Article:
From a running perspective the whole of 2017 has been a frustration due to my left knee torn cartilage which started sometime in January and has taken until 5th December to be operated on.
The injury has restricted my training which in turn has affected my performances during marathon races. I’ve found it painful to run downhill, run fast or negotiate turns. The more I’ve done of these the more it has aggravated my knee and then forced me to reduce me training or forced me have to rest. As the year has progressed, my running times have slowed and I failed to complete the whole of the Brathay 10 marathons in 10 days challenge. This was a huge disappointment to me but my knee was progressively getting more sore each day and I knew it would have been questionable whether I could have even walked the course should I have tried to complete the whole 10 days. As I knew I could run the whole event and the rest of my body was coping well it made it so disappointing to have to pull out, even though I knew the decision was without question the right one.
On 26th June I had an MRI scan on the knee, shortly followed up with a meeting with the consultant. He explained I had worn cartilage behind my knee cap and early arthritis. He did mention a small tear in the cartilage but said it was typical in a man of my age, that it wouldn’t be the problem and he wasn’t interested in operating on it. This left me hanging without direction for me and my running for the first time ever. Did I have to find a new hobby and form of exercise? I bought a road bicycle and gave it a go, I quite enjoyed it in the summer sunshine but it just wasn’t the same as running.
July came along and with that the Lakeland 50 (a 50 mile race across the Lake District). For some time I had wrote off all prospects of running this race which I had entered the previous year but with only 2 days to go before the event I changed my mind an decided to give it a go. Even if it was to jog and walk round the course then I would enjoy a day out in the Lakes, an area I’m so fond of. As it turned out I completed the course in 12 and a half hours coming in the top third of the finishers, making it the running highlight of my year. It just goes to show that sometimes it is worth having a go rather than giving up before you try.
As the summer months passed and my physio appointments and exercises weren’t making any difference to my condition I kept pondering on the consultant’s diagnoses. I was finding it hard, to not just accept but also believe. In many ways my problem was very similar to the torn cartilage I’d have a few years ago in my other knee and I felt it was the tear spotted in my MRI scan that was the problem even though dismissed by the consultant.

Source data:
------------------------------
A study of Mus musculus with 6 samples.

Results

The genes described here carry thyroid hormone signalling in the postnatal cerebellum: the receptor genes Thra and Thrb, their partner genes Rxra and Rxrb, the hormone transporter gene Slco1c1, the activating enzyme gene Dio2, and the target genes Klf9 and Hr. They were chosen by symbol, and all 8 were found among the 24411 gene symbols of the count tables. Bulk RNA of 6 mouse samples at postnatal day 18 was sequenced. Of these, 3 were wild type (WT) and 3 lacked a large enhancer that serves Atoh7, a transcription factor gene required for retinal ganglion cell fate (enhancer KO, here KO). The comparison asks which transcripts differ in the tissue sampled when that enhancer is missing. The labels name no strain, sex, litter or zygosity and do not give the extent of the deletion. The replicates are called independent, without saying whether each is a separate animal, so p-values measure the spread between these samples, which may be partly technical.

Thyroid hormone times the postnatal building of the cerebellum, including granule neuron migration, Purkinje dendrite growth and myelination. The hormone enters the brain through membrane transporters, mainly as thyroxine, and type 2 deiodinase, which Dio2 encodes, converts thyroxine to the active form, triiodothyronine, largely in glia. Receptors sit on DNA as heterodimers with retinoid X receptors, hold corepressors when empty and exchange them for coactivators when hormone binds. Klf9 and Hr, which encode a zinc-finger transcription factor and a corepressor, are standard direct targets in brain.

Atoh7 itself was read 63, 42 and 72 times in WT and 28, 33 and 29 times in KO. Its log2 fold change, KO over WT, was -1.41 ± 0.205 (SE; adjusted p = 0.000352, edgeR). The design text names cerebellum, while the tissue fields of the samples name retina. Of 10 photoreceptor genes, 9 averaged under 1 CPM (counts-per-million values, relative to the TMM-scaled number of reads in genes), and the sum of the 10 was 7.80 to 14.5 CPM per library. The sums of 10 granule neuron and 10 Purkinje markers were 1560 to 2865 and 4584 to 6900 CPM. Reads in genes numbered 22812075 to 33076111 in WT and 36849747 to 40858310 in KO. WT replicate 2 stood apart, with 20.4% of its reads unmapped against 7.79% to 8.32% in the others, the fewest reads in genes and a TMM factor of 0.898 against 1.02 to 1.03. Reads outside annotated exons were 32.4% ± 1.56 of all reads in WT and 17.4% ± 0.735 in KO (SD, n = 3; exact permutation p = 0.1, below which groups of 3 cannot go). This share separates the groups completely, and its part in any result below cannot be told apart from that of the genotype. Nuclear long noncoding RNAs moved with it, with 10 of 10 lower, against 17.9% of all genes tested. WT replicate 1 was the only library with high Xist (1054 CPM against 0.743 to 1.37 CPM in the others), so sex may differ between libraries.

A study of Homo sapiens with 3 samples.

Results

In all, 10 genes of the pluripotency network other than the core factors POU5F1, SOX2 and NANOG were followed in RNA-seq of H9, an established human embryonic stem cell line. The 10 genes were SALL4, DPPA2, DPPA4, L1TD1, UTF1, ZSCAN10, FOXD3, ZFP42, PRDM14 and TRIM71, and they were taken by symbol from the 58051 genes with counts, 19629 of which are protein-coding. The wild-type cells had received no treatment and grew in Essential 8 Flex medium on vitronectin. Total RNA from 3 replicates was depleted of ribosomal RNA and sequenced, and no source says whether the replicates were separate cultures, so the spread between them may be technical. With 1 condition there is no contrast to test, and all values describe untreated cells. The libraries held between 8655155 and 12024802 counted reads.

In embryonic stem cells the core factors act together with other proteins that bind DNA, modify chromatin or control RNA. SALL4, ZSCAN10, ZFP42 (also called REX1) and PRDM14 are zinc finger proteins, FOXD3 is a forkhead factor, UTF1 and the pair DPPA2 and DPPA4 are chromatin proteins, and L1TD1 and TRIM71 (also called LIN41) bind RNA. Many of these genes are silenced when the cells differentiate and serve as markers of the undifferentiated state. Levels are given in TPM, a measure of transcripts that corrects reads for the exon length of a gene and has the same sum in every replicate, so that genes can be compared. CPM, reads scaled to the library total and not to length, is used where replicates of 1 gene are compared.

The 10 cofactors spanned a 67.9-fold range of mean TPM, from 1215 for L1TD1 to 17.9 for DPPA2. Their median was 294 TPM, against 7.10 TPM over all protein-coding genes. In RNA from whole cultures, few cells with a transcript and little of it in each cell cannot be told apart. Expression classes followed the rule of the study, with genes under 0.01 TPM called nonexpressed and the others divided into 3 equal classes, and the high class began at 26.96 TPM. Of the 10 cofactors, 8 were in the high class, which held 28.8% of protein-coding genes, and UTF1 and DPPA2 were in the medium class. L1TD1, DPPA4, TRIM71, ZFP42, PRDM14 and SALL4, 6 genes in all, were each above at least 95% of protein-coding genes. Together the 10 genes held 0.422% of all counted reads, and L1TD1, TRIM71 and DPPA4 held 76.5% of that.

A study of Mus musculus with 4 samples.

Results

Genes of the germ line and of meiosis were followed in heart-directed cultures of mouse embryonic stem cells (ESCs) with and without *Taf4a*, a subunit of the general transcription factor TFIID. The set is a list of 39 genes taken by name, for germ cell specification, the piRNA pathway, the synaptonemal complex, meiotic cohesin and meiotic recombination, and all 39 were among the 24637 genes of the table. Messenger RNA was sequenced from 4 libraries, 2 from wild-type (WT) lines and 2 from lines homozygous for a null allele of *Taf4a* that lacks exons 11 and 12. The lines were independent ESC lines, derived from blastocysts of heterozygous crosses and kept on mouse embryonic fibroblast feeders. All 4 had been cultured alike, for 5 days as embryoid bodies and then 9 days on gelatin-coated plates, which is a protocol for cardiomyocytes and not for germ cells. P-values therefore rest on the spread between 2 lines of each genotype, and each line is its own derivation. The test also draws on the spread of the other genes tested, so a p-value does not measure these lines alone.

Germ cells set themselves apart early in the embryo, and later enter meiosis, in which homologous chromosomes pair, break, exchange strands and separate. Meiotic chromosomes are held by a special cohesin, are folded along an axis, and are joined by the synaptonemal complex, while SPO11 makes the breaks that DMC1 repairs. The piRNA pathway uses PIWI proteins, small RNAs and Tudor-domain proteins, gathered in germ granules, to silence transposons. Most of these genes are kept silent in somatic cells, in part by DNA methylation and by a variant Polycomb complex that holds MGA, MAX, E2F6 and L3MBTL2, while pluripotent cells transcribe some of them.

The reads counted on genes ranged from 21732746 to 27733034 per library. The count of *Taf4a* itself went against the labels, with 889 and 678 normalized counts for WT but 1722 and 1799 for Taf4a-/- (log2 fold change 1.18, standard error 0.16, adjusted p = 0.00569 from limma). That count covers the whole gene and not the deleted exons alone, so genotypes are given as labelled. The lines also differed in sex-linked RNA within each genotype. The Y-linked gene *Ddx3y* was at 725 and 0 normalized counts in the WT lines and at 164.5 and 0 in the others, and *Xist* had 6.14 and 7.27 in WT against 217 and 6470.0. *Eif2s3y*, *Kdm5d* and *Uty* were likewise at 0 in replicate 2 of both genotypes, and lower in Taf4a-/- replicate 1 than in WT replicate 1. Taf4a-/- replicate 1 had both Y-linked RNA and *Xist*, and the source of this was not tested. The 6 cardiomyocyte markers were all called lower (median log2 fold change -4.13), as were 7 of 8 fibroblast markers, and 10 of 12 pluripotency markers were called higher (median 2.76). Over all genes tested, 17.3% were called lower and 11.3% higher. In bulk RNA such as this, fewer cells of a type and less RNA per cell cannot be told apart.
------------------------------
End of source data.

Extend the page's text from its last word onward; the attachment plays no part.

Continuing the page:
I felt I needed a second opinion and my physio put me in contact with a consultant who was a sports knee injury specialist. In the middle of October I got to meet him and go over my MRI scan. His opinion was my pain was coming from where the MRI scan showed the tear so he felt it was worth operating on the tear and it should remove my pain. It was agreed to go ahead with surgery.
After my second opinion I felt like my running carer wasn’t all over and I had a chance again. I adopted a more positive mind set through October and November while I waited for my operation and enjoyed my running within the limitations set by my knee injury. Although my times weren’t great it was lovely to be running a few marathons still at a reasonable pace, enjoying the events and seeing friends.
I pushed the pace a bit at Chester marathon but didn’t quite manage a sub 3 hours 30 minutes, showing how reduced training was affecting my times. I had a lovely run at Snowdon, I ran comfortably within myself and enjoyed it all the way round, seeing lots of friends. I rather enjoyed doing aeroplanes up the Nant Peris pass with Neil and Sally!
There was no way I could have completed the 5 days of Hell of a Hill this year but enjoyed turning up to run 1 day and see Phil, Melissa and their team. Lastly was Kirkstall Abbey marathon in Leeds, a winter favourite of mine. Again lots of friends to see, I spent time in the good company of Jonathan for a couple of laps whilst having another steady paced run so as not to overly push things.
It was then taper time for the operation.
Finally the 5th December came round and my operation. I just hope the operation has been a success, only time will tell and I’ll have to be patient. I live in hope with the consultant seeming very positive about how the operation went and the general condition of my knee. He was very informative and reassuring, even showed me a video of the operation on his IPad and left me with some photos of the inside my knee from before and after the operation.
So here’s to 2018, let’s hope I can complete a Brathay 10 in 10 and produce some much improved performances.
I wish you all a very Merry Christmas and all the best for 2018, let’s see you all having some great running performances and produce some shiny PB’s!